OKLAHOMA CITY — Two Republicans were appointed Friday to a county election board after their predecessors were removed last month.
The State Election Board unanimously agreed to appoint former state lawmaker Wayne Pettigrew to serve on the Oklahoma County Election Board and Ernie Wiggins to serve as the GOP alternate.
Pettigrew and Wiggins succeed Republicans Cheryl Williams and Jenni White who, in a rare move, were removed from the county board following a 10-hour closed-door meeting of the state governing board.
Among other things, Williams and White were accused of failure to perform their duties prescribed by law, lack of respectfulness and professionalism and behavior unbecoming of Oklahoma election officials after they questioned the process by which the county election board was counting absentee ballots. The women have disputed the state board’s accusations.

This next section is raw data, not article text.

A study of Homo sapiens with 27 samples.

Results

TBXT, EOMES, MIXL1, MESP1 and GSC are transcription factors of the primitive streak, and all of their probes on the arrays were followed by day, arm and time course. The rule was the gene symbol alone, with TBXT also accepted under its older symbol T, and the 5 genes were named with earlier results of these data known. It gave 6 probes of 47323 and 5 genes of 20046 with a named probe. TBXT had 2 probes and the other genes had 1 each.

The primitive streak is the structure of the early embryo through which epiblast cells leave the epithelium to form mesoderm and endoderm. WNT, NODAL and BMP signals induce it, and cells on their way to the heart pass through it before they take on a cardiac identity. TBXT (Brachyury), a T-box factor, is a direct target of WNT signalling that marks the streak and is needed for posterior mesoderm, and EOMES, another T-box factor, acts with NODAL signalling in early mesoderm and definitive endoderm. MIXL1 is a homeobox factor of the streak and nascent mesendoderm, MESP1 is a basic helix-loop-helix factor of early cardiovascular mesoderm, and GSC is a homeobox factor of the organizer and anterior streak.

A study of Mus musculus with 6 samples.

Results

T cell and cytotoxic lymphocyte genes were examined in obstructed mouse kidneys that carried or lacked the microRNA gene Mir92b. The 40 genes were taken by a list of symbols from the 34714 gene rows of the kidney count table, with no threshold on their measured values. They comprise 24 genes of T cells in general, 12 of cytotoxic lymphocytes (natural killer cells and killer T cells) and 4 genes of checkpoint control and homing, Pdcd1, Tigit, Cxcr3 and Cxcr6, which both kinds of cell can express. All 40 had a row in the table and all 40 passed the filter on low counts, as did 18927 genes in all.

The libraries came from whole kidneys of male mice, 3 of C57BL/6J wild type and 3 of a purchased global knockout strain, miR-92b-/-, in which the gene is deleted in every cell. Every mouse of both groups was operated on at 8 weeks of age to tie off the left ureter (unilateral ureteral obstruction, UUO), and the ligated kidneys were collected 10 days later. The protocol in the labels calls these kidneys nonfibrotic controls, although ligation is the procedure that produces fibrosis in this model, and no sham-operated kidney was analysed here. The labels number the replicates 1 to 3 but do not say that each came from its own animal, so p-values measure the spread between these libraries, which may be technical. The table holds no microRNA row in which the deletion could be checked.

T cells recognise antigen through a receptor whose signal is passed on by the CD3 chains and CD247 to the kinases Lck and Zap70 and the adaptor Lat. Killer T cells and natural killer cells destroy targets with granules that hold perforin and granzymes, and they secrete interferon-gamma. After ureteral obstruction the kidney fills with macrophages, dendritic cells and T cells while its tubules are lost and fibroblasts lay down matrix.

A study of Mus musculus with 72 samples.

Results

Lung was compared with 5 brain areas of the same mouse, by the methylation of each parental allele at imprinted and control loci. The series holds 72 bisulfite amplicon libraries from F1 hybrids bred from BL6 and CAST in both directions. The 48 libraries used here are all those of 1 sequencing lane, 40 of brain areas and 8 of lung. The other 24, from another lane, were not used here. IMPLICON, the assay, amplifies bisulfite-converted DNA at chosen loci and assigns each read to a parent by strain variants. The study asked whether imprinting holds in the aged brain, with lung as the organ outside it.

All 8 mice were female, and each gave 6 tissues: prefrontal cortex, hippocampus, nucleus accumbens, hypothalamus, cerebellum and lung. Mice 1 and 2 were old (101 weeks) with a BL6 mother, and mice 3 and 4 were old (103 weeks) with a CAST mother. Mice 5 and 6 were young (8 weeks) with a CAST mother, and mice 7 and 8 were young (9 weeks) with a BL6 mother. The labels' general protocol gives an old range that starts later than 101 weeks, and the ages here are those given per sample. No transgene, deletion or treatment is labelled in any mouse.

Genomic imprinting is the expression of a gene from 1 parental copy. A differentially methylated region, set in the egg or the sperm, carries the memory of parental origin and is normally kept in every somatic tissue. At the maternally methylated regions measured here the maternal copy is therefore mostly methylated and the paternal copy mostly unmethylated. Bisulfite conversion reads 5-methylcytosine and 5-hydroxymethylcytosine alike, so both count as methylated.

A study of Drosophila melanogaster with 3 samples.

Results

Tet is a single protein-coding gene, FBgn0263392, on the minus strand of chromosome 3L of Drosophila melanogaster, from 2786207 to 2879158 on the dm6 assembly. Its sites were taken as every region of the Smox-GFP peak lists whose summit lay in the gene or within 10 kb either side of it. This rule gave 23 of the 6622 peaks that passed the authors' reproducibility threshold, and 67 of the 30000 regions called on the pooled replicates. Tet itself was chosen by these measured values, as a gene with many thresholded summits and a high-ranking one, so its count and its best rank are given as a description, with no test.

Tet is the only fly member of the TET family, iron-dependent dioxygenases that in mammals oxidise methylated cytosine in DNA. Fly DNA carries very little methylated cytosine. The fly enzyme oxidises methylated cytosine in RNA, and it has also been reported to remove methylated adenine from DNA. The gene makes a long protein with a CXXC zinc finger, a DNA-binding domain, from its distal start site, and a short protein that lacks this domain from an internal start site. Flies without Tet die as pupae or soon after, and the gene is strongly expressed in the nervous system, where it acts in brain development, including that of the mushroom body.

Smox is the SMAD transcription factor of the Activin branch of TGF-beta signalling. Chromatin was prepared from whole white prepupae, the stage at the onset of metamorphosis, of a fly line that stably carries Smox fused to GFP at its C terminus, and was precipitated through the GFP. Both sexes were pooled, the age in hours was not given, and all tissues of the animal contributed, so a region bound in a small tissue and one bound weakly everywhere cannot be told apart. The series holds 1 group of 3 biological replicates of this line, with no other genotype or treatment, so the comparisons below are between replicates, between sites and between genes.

Republican Party leaders nominated Pettigrew and Wiggins to fill the vacancies.
Pettigrew, who served in the state House from 1994 to 2004, is an official at Vanguard Benefits Group. He also mounted an unsuccessful congressional campaign in 2012.
Wiggins has served as an election inspector at an Oklahoma County precinct since he retired from a career in pharmaceutical sales.
Pettigrew said he’s served on more than 40 boards and commissions.
“I’ve always been very defensive of our election process and thinking we had one of the finest processes in the nation,” he said.
Wiggins said he felt called to serve.
State Election Board Chairwoman Heather Cline peppered both men with questions about the role of election officials and when it may be appropriate to decline to certify an election. She pointedly asked whether any of their core religious, political or moral beliefs would keep them from certifying an election.
Citing examples of some of the false claims people have made about Oklahoma elections, Board Secretary Paul Ziriax stressed it is critical for the newly appointed officials to use discernment when presented with “outlandish claims” about voting and elections.
At least one of the new appointees is expected to have completed the necessary paperwork in time to serve on the local board by Tuesday, which is an election day in Oklahoma County.